Adler & Gibb
It's theatre: stop thinking it bears any relation to reality
This article is from 2016.
Tim Crouch's stripped down adaptation of his own play arrives at the Fringe promising less stuff, but more theatre. Supposedly questioning the possibility of ever being able to know another person, it condemns art's tendency to excavate the truth, then bury it beneath new lies.
An actor, claiming to be obsessed with the character she is playing in a film, heads to her final resting place, only to meet the character's real life lover, presumed dead. Crouch's direction makes no attempt at naturalism, preferring to stage the scenes as recitation, with minimal scenery and props provided by a wandering child. At no point could the audience mistake the performance for reality.
This form emphasises the powerful message: from the conflict between the actor and the character's lover comes a new version of a person who lived and breathed. This new version wins an Oscar, and becomes the public version. For all her claims of seeking veracity and respecting the artist, the actor really wants fame and recognition.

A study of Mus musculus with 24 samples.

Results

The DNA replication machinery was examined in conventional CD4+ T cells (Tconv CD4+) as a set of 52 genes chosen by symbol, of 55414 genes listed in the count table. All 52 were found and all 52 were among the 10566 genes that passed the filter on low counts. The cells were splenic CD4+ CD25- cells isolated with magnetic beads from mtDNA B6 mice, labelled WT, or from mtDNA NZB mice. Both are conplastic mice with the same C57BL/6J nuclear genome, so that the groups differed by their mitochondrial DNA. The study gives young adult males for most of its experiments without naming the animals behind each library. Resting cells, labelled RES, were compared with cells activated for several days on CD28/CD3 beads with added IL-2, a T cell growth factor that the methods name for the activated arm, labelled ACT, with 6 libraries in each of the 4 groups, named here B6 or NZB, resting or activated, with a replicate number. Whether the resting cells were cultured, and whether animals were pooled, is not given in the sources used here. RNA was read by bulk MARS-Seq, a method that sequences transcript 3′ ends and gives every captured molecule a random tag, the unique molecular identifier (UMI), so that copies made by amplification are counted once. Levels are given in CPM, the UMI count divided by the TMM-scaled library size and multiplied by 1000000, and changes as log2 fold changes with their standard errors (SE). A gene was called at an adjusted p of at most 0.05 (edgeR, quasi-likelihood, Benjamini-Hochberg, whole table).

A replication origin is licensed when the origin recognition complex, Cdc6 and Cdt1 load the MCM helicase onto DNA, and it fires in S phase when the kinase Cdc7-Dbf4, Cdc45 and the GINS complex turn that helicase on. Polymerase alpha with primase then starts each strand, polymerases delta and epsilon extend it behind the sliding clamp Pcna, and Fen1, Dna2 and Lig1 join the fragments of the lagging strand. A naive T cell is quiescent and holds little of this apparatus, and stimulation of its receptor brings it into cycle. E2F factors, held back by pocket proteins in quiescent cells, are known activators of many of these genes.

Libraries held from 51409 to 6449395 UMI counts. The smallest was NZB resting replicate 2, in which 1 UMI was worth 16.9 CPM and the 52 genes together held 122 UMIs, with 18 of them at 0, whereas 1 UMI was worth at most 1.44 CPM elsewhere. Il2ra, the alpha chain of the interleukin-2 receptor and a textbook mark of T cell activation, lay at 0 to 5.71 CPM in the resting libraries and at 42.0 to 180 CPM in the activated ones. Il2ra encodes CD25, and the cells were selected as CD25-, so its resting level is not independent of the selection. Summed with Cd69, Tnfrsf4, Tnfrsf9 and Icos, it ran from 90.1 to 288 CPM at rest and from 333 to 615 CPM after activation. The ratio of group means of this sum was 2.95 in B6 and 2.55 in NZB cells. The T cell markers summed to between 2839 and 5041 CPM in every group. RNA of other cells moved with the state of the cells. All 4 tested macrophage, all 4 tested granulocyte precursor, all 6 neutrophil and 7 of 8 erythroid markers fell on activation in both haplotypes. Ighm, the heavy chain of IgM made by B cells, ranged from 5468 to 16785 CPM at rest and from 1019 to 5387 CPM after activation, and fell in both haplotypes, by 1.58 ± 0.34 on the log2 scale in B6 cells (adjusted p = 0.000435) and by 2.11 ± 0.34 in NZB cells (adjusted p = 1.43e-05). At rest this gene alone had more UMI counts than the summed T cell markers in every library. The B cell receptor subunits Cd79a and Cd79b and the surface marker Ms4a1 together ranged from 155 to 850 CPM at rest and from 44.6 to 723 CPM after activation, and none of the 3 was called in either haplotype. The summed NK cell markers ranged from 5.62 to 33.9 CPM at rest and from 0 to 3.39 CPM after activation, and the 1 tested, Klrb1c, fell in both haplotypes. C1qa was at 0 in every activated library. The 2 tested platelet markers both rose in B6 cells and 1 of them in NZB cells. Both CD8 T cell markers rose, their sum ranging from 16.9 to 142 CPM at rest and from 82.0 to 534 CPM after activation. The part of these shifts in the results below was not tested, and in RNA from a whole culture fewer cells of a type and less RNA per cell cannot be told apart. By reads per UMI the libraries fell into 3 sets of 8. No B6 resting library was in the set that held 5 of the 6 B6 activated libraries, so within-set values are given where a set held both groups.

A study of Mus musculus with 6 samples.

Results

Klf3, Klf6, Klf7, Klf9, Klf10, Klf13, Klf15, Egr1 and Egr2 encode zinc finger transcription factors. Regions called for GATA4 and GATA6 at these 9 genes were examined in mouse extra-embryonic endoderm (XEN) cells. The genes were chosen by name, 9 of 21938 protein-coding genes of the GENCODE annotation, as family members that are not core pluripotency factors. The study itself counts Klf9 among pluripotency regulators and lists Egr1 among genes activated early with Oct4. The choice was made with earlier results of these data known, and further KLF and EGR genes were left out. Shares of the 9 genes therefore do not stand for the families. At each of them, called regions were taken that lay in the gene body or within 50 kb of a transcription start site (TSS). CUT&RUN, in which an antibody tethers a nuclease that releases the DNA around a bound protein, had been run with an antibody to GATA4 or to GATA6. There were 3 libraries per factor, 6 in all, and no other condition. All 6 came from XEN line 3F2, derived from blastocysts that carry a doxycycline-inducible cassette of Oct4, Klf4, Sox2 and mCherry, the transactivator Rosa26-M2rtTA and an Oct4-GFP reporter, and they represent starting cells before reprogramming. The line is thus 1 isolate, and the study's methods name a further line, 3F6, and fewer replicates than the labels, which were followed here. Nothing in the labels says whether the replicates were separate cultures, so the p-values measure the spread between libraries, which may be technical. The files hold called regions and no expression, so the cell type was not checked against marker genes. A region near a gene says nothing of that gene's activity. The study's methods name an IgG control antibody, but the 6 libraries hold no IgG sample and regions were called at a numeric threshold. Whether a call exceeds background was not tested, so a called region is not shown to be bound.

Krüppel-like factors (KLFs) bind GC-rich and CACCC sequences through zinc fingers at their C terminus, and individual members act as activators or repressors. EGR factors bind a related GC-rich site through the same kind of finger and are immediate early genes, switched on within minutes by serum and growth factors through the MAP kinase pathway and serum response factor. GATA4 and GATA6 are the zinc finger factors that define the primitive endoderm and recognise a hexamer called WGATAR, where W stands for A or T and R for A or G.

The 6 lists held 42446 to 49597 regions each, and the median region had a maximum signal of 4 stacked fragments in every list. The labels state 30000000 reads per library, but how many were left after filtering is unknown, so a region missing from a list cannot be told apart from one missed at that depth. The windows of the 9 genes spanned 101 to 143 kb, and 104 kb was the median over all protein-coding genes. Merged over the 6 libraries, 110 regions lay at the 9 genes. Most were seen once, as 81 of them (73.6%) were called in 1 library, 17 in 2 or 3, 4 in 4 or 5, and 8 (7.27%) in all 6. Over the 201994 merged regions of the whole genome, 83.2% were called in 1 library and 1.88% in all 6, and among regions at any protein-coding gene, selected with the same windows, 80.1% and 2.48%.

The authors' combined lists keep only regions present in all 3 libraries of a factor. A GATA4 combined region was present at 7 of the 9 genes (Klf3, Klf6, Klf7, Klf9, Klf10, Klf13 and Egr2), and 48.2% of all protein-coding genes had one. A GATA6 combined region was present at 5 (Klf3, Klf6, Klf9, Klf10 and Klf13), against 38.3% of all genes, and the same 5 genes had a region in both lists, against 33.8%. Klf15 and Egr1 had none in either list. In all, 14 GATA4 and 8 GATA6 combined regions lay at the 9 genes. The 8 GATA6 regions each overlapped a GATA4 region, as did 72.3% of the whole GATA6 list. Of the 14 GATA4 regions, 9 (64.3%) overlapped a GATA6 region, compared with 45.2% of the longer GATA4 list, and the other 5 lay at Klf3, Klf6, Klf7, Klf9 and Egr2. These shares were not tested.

Crouch has had some nasty scripts, but this is a criticism of performance that hides its savagery behind humour and serious philosophical ideas about reality and representation. The late video footage is extraneous, merely recapping the path of the action, but Crouch, once again, reveals his mastery of form matching content, and the dark truth is spoken with a charming smile.
Summerhall, until 27 Aug, 5.15pm, £15 (£12).